The Smithsonian’s National Museum of American History has added two new board members, entertainment entrepreneur Darnell Strom and banker Dawson Her Many Horses, the first Native American board member to join the board, which has 19 members and 19 alumni members. Both men were approved by the Smithsonian’s Board of Regents in January, and the museum board’s March 3–4 meeting was their first. They have joined the board’s nominating committee responsible for identifying prospective board membership.
The board, led by Chair Enrique Segura, Ph.D., and its vice chair, former U.S. Secretary of Commerce Barbara H. Franklin, was established in 1996 and includes historians, business leaders, congressional members and philanthropists and has an active alumni representation. Members advise the director and her leadership team on programs, exhibitions, facilities, development and finance. A complete list of board members and alumni can be found here. Ex officio members of the board include the museum director, the Smithsonian’s Secretary and the Smithsonian’s Under Secretary for Museums and Culture.
“I am honored to welcome Dawson and Darnell to our museum board, and I am very grateful for their service and support,” said Anthea M. Hartig, the museum’s Elizabeth MacMillan Director. “Their leadership, skills and perspectives will help us reflect the many different voices of the Americans we serve.”
Based in Las Vegas, Her Many Horses is the head of Native American Banking for Wells Fargo. A member of the Rosebud Sioux Tribe, he grew up on the tribe’s South Dakota reservation. A political science major at Columbia University, he planned to become a lawyer, but a job in the office of general counsel at Merrill Lynch turned into a career of investment banking focused on the casino industry. He has worked as a senior vice president for Wells Fargo since 2018. Her Many Horses also sits on the Center for Indian Country Development’s Leadership Council at the Federal Reserve Bank of Minneapolis. He served on the national council of the Smithsonian’s National Museum of the American Indian from 2013 to 2016. Currently, he is the co-chair of the Native American Visiting Committee at Dartmouth College. He graduated from Columbia in 2004 and received his Master of Business Administration from Dartmouth in 2010.
Strom is a partner and head of the Culture and Leadership Division at the global talent and entertainment company United Talent Agency, where he leads the agency’s efforts to expand the cultural and business influence across platforms for its top clients in media, sports, entertainment, music, fashion, the arts, branding and thought leadership. Based in Los Angeles, Strom was previously an agent at Creative Artists Agency (CAA) where he set strategy and developed relationships for major clients, including individual artists and top brands, across multiple platforms, including television, motion pictures, publishing, digital communications and technology. His previous work as an executive at the CAA Foundation led him to advise artists and large corporations on their philanthropic and pro-social initiatives. Strom’s career in politics includes work as deputy director for former President Bill Clinton as well as work on former Sen. John Kerry’s presidential campaign. He also served on former President Barack Obama’s White House Entertainment Council. He graduated with honors from Florida A&M University with a Bachelor of Science in political science.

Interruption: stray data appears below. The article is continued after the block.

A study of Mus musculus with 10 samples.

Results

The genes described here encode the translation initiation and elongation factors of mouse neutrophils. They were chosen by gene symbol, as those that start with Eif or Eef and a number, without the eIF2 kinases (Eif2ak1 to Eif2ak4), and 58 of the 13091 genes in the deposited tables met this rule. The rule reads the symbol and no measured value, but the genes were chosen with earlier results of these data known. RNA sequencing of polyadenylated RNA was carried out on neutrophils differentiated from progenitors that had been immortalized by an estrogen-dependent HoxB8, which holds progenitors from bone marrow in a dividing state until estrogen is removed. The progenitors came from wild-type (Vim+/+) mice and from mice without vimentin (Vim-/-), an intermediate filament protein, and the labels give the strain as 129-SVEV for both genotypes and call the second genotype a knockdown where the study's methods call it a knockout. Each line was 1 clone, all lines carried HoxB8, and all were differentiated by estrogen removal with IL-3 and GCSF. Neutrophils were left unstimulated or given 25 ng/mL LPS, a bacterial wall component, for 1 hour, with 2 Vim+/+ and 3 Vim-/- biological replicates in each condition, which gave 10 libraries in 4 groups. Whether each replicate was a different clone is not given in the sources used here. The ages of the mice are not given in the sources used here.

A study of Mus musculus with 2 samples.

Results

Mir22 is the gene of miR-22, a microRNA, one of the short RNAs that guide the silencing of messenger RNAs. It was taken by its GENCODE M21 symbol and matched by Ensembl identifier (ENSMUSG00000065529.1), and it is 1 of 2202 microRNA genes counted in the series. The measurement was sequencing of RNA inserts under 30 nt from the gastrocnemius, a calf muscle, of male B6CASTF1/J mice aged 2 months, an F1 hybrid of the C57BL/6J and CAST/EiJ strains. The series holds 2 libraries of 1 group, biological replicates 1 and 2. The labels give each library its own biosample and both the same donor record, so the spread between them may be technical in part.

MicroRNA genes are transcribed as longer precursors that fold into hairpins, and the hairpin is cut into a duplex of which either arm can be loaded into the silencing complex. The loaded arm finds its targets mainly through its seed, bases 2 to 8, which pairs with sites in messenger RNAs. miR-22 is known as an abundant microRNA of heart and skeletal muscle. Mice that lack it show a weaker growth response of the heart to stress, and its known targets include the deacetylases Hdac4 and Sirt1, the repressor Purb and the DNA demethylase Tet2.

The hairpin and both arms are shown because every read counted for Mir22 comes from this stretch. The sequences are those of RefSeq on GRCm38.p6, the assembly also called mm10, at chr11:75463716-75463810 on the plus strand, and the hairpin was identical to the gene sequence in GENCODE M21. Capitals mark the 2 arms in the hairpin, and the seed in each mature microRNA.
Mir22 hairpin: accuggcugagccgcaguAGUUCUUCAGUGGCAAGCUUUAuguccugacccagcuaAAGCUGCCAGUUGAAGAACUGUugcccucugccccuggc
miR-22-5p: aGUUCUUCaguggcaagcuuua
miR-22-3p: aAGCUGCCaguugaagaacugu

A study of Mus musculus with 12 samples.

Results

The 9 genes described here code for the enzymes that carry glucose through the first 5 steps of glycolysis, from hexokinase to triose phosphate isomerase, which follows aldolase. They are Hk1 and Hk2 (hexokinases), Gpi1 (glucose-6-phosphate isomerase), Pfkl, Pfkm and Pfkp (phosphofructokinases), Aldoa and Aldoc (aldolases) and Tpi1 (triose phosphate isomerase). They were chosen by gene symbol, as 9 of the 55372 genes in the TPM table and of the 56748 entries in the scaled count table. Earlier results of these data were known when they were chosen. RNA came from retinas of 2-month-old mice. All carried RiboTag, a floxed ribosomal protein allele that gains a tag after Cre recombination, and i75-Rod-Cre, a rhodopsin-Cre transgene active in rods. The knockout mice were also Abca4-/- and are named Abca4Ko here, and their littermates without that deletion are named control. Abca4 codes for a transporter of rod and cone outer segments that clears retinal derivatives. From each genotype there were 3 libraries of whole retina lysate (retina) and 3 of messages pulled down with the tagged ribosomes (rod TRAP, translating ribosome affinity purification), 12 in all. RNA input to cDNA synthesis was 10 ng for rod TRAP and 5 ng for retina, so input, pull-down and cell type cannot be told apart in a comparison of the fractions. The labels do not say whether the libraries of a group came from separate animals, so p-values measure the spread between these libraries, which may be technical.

Her Many Horses and Strom join the rejuvenated museum whose 2020–2030 strategic plan centers on the challenge to become the country’s most accessible, inclusive, relevant and sustainable public history institution and to fulfill that role by serving an audience that reflects the full racial, class, gender, ethnic and geographic demographics of the United States.
Through incomparable collections, rigorous research and dynamic public outreach, the National Museum of American History seeks to empower people to create a more just and compassionate future by examining, preserving and sharing the complexity of our past. The museum, located on Constitution Avenue N.W., between 12th and 14th streets, is open daily, except Dec. 25, between 10 a.m. and 5:30 p.m. Admission is free. The doors of the museum are always open online and the virtual museum continues to expand its offerings, including online exhibitions, PK–12 educational materials and programs. The public can follow the museum on social media on Twitter, Instagram and Facebook. For more information, go to https://americanhistory.si.edu. For Smithsonian information, the public may call (202) 633-1000.